Hi all.

2. Our relationship with GNOME
       * What gnome packages to be included (What defines gnome
         experience), just core (shell, gcc) or core plus applications
         (files, web, video, photo, documents...) or core plus
         applications and platform (systemd, packagekit....)?
Please note here that gnome is moving towards a highly coherent and
integrated desktop and more and more applications are redesigned to
the gnome HIG.
       * What to do when some specific applications are not popular or
         not up to the standards
Replace, replace temporarily, Keep them and help testing/find bugs
etc., keep it installed side by side along with other temporary

If we are aiming at being a GNOME distribution based on the power of
Ubuntu (which I hope we are), then we should provide the nearest
experience to upstream GNOME as can be (core, applications, platform ans
respect default configuration / look and feel). The only exceptions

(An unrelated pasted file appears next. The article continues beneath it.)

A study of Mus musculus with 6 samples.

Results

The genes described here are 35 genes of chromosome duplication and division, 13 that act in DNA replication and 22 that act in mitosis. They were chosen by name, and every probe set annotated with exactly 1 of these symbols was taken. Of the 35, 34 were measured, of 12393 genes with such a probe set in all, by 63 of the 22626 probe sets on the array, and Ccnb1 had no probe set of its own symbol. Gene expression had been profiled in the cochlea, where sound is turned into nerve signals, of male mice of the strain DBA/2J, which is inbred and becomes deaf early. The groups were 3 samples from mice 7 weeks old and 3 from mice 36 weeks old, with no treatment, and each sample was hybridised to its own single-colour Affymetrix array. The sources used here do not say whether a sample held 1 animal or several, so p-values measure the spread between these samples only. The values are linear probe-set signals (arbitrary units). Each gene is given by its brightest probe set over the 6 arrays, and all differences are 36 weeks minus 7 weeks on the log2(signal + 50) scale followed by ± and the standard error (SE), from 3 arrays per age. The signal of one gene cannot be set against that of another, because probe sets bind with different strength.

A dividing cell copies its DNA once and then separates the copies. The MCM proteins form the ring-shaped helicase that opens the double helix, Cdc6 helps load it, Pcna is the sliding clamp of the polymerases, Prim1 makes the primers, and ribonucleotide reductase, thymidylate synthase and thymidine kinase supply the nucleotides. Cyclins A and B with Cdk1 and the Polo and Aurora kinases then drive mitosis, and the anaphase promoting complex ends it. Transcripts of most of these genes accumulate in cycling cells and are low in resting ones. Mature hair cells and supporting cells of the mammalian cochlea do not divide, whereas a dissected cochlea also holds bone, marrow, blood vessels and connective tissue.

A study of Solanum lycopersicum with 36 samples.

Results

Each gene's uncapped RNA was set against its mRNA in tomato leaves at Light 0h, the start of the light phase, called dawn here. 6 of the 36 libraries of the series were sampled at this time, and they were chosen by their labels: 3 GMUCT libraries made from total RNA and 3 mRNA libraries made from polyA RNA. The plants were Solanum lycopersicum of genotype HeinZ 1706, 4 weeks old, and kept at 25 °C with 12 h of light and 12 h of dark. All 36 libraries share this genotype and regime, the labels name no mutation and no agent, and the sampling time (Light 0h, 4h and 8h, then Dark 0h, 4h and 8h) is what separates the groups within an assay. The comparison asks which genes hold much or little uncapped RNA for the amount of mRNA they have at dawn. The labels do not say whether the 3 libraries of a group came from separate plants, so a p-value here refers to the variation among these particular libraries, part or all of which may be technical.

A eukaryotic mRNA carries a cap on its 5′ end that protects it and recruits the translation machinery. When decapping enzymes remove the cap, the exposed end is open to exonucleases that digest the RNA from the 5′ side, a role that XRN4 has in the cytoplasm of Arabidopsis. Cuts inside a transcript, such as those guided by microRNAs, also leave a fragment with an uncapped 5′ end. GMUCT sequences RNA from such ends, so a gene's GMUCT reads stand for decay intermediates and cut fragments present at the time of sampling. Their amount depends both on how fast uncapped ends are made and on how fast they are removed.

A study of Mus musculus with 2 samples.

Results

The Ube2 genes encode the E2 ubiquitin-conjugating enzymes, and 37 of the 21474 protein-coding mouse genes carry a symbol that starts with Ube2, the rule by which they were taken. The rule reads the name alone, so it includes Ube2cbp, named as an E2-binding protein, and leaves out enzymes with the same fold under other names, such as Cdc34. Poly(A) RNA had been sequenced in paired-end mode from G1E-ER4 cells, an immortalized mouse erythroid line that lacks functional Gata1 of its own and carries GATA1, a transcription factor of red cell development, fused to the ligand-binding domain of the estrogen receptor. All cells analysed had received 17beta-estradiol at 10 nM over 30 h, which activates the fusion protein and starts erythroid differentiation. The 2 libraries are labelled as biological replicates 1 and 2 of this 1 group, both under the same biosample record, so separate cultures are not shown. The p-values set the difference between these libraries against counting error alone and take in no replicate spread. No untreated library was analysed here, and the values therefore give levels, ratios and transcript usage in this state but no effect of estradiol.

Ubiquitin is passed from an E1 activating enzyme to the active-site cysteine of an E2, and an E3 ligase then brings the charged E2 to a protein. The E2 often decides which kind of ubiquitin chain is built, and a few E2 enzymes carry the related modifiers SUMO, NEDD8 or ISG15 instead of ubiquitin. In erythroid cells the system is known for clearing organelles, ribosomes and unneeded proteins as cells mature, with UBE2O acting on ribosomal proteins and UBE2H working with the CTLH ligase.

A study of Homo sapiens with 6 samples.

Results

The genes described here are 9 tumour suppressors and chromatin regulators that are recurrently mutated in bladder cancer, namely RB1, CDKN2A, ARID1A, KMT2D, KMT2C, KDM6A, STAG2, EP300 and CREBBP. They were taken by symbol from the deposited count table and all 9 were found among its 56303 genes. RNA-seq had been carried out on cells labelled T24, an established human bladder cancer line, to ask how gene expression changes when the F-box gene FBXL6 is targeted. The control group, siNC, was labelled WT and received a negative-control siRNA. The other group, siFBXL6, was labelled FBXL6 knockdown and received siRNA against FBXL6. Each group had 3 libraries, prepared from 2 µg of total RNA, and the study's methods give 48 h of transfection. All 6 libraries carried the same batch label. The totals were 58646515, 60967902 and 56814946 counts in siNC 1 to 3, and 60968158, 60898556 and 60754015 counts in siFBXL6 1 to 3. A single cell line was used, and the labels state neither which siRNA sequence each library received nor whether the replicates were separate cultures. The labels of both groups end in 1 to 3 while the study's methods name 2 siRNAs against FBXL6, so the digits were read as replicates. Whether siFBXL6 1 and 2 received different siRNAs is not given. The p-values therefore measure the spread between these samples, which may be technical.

could be for applications that don't exist in the GNOME world, or where
the GNOME version lacks very important features, or is not mature
enough. For example, Ubuntu Software Center, LibreOffice and Firefox (or
Chrome) could be installed by default instead of gnome-software-manager,
Abiword/Gnumeric and Epiphany. BUT, for each new release of GNOME, those
choices should be re-evaluated, and, if the GNOME app finally gets the
features it lacked, it should replace the "foreign" app in the default
install. For example, once Epiphany supports Flash natively, it should
replace Firefox / Chrome, and once (if ever?) Abiword / Gnumeric are
able to import / export MS file formats perfectly, they should replace

3. What is our intended userbase (and any constraints that puts on

I think we should aim at the same user base as GNOME aims at. Else, we
wouldn't be Ubuntu *GNOME* remix (or whatever the name actually is :)).

First, a disclaimer - reading Julien's response, I am on the same page as he.

Having said that, I believe there are two distinct sets of goals at work here:

1. those (like Julien and I) who would like to have "the Ubuntu
experience" in a Gnome desktop environment, as an alternative to Unity

Imho, this is something that is really needed. I see a very high demand, here.

We can still deliver a rich GNOME environment but with applications that have proven to be good, like Firefox, LibreOffice and the Software Center.

2. those who would like a pure Gnome experience

GNOME OS is targeting the same, even if it's in a very early stage.